KNOW THEIR NAMES
Ahmed was the guy who cheered everyone up, had a joke to defuse a tense situation. Nobody can believe he’s gone.
Gaza City – Ahmed would always call and check up on his friends and family, his cousin says wistfully.
His dream was to set up a dental treatment programme for the elderly, Jihan Sabakhi wrote on Facebook about her cousin.
“All those wishes were gone in the blink of an eye… leaving hearts bleeding for his loss.”
Israel, Jihan wrote, “destroyed the dreams of a young man who just wanted a future for himself in Gaza”.
The last thing Ahmed’s family heard him say was the Shahada, the Muslim declaration of faith that a dying person recites, as he moaned in pain from under a wall that had collapsed on top of him.
When the Israeli missiles started raining down on the neighbourhood where the family lives, he was asleep upstairs, having spent the evening laughing and joking with his parents and little sister Judy.
“The night he was killed, we were sitting together chatting and joking and eating watermelon seeds, He played with his little sister Judy’s hair,” his mother said, recounting that while Ahmed had been joking and cheerful as usual, there was a sense of foreboding even in his jokes.
“He said: ‘Give me some seeds before I am martyred, quick!’” she choked with emotion. “It was as if he was saying goodbye to us.”
When the bombing collapsed the wall of Ahmed’s bedroom, his family was frantic, trying to get up the stairs to see if he was still alive. Finally, they managed to crawl into the upper level through a window, but it was too late.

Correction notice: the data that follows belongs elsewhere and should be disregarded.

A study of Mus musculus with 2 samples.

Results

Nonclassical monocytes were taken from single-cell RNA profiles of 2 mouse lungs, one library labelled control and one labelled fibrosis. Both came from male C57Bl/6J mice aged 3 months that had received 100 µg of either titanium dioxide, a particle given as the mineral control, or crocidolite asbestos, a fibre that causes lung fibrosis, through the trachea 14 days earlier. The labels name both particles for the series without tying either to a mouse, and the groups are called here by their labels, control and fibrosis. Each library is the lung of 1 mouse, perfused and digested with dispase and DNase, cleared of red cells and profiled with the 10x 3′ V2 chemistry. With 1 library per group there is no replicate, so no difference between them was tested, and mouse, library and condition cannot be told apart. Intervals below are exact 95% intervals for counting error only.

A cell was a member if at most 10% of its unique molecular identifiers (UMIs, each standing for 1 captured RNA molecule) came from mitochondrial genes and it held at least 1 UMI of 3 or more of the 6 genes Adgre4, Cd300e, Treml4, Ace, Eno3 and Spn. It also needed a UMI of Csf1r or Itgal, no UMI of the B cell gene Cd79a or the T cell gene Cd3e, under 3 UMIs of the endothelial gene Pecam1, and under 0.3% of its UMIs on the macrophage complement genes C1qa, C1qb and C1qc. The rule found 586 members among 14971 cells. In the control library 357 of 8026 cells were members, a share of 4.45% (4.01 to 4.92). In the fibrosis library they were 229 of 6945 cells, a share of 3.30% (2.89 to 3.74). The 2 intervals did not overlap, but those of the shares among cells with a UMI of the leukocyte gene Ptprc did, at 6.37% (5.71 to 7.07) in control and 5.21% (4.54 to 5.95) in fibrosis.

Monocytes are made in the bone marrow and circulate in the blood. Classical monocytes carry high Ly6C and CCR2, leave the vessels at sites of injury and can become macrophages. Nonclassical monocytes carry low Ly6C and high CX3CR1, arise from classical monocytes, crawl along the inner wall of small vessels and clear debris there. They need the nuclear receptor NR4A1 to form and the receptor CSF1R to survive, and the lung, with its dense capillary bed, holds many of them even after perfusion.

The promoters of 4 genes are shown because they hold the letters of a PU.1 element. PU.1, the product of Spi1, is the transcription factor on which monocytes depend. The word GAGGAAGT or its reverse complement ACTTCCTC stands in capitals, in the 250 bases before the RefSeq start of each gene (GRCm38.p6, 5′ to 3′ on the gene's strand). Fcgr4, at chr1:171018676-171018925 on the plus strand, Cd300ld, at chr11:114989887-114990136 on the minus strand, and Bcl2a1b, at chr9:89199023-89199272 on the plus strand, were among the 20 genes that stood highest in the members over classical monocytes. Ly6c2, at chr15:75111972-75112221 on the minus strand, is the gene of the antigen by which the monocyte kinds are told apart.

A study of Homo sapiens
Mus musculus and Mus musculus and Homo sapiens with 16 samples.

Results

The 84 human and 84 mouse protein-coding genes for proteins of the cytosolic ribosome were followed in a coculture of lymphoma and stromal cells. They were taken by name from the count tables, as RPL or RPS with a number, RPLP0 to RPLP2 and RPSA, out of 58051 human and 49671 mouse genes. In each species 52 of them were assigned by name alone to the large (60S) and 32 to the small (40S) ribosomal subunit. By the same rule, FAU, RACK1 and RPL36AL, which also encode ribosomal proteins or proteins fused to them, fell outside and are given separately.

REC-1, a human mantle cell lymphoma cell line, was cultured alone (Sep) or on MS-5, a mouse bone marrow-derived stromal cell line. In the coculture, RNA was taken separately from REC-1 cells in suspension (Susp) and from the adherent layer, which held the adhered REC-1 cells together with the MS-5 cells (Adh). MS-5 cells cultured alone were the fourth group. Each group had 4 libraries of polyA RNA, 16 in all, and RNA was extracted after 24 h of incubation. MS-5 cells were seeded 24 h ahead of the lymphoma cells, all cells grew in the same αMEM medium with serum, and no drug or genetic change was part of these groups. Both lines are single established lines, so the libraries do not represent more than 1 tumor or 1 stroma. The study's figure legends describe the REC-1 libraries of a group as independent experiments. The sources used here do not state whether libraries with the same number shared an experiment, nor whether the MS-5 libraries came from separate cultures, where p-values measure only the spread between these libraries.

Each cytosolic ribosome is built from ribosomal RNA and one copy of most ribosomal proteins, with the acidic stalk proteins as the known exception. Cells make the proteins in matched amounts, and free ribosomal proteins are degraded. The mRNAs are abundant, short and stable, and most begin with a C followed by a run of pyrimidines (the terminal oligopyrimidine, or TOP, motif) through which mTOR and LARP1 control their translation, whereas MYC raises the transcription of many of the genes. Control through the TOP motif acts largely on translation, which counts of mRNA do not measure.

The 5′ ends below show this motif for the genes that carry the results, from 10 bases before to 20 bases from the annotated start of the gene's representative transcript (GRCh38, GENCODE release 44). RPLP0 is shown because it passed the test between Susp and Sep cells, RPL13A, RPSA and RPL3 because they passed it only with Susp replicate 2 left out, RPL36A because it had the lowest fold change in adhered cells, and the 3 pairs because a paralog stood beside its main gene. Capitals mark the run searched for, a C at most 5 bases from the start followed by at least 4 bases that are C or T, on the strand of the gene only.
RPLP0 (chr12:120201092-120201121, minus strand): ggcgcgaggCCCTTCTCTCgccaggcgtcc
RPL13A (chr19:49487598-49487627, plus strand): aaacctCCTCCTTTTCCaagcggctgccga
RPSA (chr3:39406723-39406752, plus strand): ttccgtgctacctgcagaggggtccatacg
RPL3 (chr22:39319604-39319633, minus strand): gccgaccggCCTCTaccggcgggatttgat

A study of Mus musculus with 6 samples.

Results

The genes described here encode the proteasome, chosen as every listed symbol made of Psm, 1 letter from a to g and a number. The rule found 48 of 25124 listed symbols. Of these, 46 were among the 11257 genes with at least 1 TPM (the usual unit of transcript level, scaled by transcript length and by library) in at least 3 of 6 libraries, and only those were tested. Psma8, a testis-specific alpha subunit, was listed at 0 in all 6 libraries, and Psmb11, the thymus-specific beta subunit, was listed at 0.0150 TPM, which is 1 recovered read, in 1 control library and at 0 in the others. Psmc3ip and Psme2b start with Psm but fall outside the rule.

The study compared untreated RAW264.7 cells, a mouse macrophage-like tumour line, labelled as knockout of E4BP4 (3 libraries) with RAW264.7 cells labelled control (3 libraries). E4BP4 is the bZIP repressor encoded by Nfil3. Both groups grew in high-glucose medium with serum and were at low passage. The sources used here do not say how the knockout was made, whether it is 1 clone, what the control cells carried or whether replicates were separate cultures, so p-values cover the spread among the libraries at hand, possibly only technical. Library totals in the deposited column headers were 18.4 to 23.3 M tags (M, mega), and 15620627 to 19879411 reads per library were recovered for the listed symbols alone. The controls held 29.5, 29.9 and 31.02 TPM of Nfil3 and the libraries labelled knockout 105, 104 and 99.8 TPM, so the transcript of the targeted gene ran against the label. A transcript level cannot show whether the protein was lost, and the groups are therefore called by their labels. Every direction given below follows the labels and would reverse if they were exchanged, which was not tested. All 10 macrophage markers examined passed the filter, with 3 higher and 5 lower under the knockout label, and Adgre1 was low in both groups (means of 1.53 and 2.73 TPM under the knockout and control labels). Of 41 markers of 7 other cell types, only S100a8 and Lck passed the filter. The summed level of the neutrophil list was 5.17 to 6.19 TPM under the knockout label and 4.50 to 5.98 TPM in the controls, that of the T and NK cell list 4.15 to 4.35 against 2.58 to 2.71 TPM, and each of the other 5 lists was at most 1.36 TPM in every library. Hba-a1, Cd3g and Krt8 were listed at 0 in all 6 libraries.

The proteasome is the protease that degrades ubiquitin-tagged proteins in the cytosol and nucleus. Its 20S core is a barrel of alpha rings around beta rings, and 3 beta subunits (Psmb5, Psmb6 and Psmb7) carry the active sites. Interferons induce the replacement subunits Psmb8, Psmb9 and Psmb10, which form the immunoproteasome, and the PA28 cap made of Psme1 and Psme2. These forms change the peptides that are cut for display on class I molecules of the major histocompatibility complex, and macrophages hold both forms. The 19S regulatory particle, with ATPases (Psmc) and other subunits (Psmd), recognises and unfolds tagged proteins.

Ahmed died that night, October 10. He was only 24.
The aspiring dentist had just graduated from dental school and was known for begging his friends to let him fix their teeth for free – because he needed the practice.
Just a cleaning, he would wheedle the resistant ones, promising them that they would have movie star teeth by the time he was done.
“With Ahmad, we would sit and dream, talk about his ideas for the future – they were always about building a project, a dream, a successful future,” his close friend and cousin, Ahmed al-Sabakhi said.
“He didn’t like to see me sad, he would always try to make me laugh. He was kind of like that with everyone, really one of the kindest hearts in the family.”
By the fourth night of Israel’s relentless bombing of Gaza, Ahmed was becoming a bit pessimistic, a major change from the cheerful, loving son, brother and friend everyone around him was used to.
His mother still weeps over his loss and remembers how he seemed to know he would die in the constant bombardment.
She is not alone, there is still disbelief when you talk to people who knew Ahmed; nobody can believe that he is no longer.